After one of their most impressive road trips in years, the Boston Red Sox were eager to keep their momentum going. Thanks to a rainout, they got another day off instead.
The Red Sox look to get back on the field as they open a three-game series against the Tampa Bay Devil Rays at Fenway Park.
Tuesday’s series opener was rained out and rescheduled for Thursday afternoon as part of a day-night doubleheader.
Despite the two-day layoff, the Red Sox, who had an off day on Monday, should enter this series filled with confidence after winning five of six on the road, including a three-game sweep of the archrival New York Yankees during the weekend.
Boston, which has finished second to New York for six straight seasons, has won eight of 10.
Even before that win, the Red Sox won their first two series of the season against the Yankees for the first time since 1988. The three-game sweep was Boston’s first against New York since Sept. 10-12, 1999.
“Every win is important,” Martinez said. “There’s no doubt that these are the people that we’ve been below, so it’s nice to be able to take advantage of these opportunities against them.”
While Boston averaged 4.5 runs during the six-game trip, Red Sox pitchers posted a 2.33 ERA and held the Blue Jays and Yankees to a .133 average.
“That’s probably the best we’ve pitched in a long time,” center fielder Johnny Damon said. “You can’t blame those guys for not hitting.”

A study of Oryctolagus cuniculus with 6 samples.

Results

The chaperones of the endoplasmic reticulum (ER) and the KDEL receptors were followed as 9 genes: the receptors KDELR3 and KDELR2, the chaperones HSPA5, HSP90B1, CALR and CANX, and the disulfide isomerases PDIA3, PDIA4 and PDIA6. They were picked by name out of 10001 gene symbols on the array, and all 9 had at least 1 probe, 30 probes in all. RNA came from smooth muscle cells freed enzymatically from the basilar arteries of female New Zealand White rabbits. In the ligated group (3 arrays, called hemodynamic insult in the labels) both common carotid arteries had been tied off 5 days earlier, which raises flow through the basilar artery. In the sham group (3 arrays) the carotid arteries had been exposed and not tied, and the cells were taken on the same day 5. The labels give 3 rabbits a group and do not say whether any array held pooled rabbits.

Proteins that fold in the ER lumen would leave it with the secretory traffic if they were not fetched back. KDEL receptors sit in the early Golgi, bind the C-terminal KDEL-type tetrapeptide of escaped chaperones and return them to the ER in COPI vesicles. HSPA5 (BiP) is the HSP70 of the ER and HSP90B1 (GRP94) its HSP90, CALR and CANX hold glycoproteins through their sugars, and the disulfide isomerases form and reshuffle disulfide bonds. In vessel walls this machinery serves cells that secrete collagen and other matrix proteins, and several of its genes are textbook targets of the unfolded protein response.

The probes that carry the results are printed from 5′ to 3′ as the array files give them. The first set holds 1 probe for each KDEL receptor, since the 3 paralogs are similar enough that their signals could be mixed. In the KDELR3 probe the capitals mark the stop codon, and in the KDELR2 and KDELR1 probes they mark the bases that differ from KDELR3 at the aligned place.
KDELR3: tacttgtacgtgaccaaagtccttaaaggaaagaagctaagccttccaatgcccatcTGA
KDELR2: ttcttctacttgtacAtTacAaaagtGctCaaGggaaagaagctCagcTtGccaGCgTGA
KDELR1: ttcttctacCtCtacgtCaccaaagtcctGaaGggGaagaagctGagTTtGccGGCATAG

Boston is getting outstanding contributions from its bullpen, which has worked 24 2-3 scoreless innings, holding opponents to an .086 average the last 10 games.
“Our pitching has been phenomenal,” Boston’s Kevin Millar said. “We’re winning games with pitching and defense. That’s what wins baseball games, whether it’s April or August. Right now, we’re starting to get that feel of winning baseball.”
Ramirez is the hottest Red Sox hitter, going 10-for-24 (.477) with two homers and five RBIs on the trip.
Tampa Bay comes to Fenway Park having lost six of eight following a disheartening 6-5 defeat to the Chicago White Sox on Sunday.
Chicago scored three runs in the ninth inning against four relievers, sending the Devil Rays to their fifth loss in seven road games this season.
“It’s a tough loss,” Piniella said. “Two-strike pitch with the winning run on second. You let a guy hit a pitch like that. That’s not baseball. It’s a young kid that would’ve swung at anything even if you bounced it in.”